July 19, 2010

by Guy Dinmore, published on July 19 2010

Seven months after he was hit in the face by a deranged man brandishing a souvenir model of Milan’s cathedral, Silvio Berlusconi last night was set to return to the scene of the crime to receive a prize celebrating his charisma and leadership.

Tabloids were feverishly speculating whether Italy’s prime minister — a former cruise ship crooner – would perform a duet in the Gothic church alongside special guest Charles Aznavour.

France’s 86-year-old singer-celebrity is on a global farewell tour that began four years ago. With his government rupturing over various corruption scandals, many in Italy are asking if the time has come for Mr Berlusconi, 73, to follow suit.

With open talk of the post-Berlusconi era, Italy has been plunged into debate over whether a spate of corruption investigations involving ministers, businessmen, judges and politicians – some with alleged links to the mafia – signify a return to the early 1990s when the political establishment collapsed amidst the “tangentopoli” (bribesville) scandals originating in Milan.

For Giulio Tremonti, finance minister and one of several potential successors to Mr Berlusconi, the latest probe into a suspected secret society involving the prime minister’s closest allies is just about a few “rotten apples” or at most a “box-full”.

“But the tree is not rotten, and the orchard is not rotten,” Mr Tremonti insisted in a weekend newspaper interview in which he reaffirmed his loyalty to the prime minister and ruled out talk of early elections or formation of an emergency government.

Eugenio Scalfari, founder of the pro-opposition Repubblica daily, was scathing in reply.

“This is the slime that is rising, the smell that comes from the palaces of power,” he wrote, predicting that Mr Berlusconi would try to resolve his mid-term crisis by calling snap elections.

Il Giornale, a daily in the Berlusconi family media empire, added to the sense that the prime minister is navigating treacherous waters by urging Gianfranco Fini, speaker of parliament and co-founder of the ruling People of Liberty party, to carry out his unspoken but clear threat to lead a breakaway faction out of the coalition.

Mr Fini, whose long career has seen him transit neo-fascism to post-fascism and beyond into the embrace of more centrist politics, remains a key player. But it is doubtful that he has the numbers in parliament to bring the government down, even if he wanted to.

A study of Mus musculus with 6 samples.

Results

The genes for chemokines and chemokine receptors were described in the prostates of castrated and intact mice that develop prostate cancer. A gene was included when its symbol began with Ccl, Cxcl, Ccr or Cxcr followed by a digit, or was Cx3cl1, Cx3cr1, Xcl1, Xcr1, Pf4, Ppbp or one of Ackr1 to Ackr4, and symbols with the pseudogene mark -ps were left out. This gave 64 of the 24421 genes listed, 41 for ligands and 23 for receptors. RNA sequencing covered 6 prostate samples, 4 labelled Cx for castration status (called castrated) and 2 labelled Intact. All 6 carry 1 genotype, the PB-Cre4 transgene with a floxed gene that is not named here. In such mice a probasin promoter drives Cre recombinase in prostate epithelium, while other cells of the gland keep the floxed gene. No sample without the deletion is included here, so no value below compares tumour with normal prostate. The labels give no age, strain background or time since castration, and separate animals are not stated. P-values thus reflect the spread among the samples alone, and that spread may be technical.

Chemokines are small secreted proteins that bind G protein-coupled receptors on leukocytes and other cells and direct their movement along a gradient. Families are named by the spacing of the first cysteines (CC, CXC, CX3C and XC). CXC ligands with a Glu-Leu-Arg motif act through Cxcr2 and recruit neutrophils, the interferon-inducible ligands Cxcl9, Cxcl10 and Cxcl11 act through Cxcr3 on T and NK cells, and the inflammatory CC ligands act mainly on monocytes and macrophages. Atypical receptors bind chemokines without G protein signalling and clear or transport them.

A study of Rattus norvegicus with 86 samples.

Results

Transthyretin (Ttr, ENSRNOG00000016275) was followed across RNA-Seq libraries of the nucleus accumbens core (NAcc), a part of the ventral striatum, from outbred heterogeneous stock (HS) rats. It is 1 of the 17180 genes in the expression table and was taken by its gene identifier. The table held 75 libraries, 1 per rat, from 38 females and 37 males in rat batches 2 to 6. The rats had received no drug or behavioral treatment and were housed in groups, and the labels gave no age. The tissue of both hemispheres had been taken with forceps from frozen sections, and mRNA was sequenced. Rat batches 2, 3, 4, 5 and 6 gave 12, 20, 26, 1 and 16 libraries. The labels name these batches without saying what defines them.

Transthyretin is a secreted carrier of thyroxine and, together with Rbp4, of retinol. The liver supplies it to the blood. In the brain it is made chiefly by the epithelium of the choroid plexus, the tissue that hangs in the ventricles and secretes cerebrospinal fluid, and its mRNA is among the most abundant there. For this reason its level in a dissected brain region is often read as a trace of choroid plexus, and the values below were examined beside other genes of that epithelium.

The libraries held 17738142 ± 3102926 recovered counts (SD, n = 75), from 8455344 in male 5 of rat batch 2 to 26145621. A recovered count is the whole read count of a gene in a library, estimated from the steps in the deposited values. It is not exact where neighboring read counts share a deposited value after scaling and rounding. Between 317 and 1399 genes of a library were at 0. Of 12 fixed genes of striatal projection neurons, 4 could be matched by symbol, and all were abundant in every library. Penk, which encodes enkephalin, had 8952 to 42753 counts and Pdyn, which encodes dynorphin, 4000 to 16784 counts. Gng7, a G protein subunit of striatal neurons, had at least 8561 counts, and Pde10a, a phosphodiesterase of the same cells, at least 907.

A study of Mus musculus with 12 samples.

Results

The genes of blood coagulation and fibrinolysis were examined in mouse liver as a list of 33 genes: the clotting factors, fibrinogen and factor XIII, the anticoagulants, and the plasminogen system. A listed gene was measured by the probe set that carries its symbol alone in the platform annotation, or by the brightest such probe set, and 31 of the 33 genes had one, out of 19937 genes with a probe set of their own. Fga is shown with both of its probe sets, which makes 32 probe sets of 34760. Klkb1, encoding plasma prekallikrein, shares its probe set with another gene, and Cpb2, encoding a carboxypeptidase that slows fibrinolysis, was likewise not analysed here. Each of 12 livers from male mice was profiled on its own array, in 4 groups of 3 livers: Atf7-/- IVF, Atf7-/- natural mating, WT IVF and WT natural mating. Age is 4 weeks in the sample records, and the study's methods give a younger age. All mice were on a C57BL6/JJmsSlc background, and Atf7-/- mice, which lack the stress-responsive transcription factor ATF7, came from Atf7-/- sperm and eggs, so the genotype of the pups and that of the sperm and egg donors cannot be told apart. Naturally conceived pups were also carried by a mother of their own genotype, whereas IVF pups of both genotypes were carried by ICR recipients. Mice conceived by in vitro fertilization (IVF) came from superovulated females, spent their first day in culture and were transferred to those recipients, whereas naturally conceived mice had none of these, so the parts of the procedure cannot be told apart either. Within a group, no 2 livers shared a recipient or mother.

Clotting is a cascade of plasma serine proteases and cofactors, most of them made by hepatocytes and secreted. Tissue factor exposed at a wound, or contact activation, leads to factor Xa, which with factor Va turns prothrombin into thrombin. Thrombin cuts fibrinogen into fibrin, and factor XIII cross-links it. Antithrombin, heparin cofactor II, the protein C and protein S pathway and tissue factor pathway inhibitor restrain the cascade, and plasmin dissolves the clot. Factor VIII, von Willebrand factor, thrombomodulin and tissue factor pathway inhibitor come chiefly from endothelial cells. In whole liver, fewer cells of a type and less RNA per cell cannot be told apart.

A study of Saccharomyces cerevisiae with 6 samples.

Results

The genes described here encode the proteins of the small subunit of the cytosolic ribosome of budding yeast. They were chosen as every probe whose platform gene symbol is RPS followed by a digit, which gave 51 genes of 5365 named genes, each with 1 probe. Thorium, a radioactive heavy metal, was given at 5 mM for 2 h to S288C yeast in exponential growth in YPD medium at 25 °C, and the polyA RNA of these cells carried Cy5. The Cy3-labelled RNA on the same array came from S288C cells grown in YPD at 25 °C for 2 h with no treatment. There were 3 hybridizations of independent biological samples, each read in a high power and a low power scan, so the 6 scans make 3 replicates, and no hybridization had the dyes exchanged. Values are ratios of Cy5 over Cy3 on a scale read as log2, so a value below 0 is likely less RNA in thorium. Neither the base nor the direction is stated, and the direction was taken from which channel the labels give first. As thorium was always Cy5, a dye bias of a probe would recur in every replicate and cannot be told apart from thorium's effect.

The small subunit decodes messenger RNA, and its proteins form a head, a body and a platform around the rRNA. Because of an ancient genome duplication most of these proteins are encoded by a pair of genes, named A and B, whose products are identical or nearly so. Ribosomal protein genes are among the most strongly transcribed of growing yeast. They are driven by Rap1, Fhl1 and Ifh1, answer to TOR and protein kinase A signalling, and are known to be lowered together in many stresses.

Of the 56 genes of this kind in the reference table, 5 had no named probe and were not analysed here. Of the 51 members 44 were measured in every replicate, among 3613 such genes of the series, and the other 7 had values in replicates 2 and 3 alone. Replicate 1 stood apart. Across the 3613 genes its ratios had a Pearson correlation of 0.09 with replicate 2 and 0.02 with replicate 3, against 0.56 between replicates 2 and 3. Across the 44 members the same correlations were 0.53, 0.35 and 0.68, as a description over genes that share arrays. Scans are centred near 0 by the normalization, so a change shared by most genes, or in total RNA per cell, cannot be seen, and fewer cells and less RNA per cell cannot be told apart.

Mr Berlusconi’s biggest problem, insiders say, is not so much his difficulties in parliament in passing controversial legislation – including his immunity from prosecution in two trials of his own, and a bill that would curb wiretapping by police and prevent the media from publishing transcripts.

Rather it is the sense that the system of “clientelismo” – exchanging of favours – is breaking down under the zealous scrutiny of a relatively small group of prosecutors.

Having to accept the resignation of two ministers and a senior Treasury minister since May is seen as a sign that Mr Berlusconi is no longer strong enough to protect his own.

Andrea Romano, director of the Italia Futura think-tank — brainchild of Luca di Montezemolo, the head of Ferrari who is another possible leader in waiting – says the widening corruption investigations mark the end of what Italians call the Second Republic that followed the collapse of the first with “tangentopoli”.

“We are seeing the failure of the Second Republic to start a new political history in our country,” he told the Financial Times. “More and more Italians are losing faith in their political parties.”

Nonetheless Mr Romano believes that Mr Berlusconi, who burst onto the scene as the “anti-politician” in 1994, will make his “final bet” and call snap elections next spring.

If he can win a fresh mandate – and despite falling ratings he remains relatively popular – then Mr Berlusconi could crown his career by engineering his appointment by parliament as head of state in 2013.

Such speculation is fuelled by Pierluigi Bersani’s ineffectual leadership of the opposition Democrats. Following his suggestion that the prime minister should “take a break” rather than spend the summer reorganising his party, Corriere della Sera, a mainstream daily, commented: “If this is all the head of the opposition can say then it would be better to summon the first passer-by on the street.”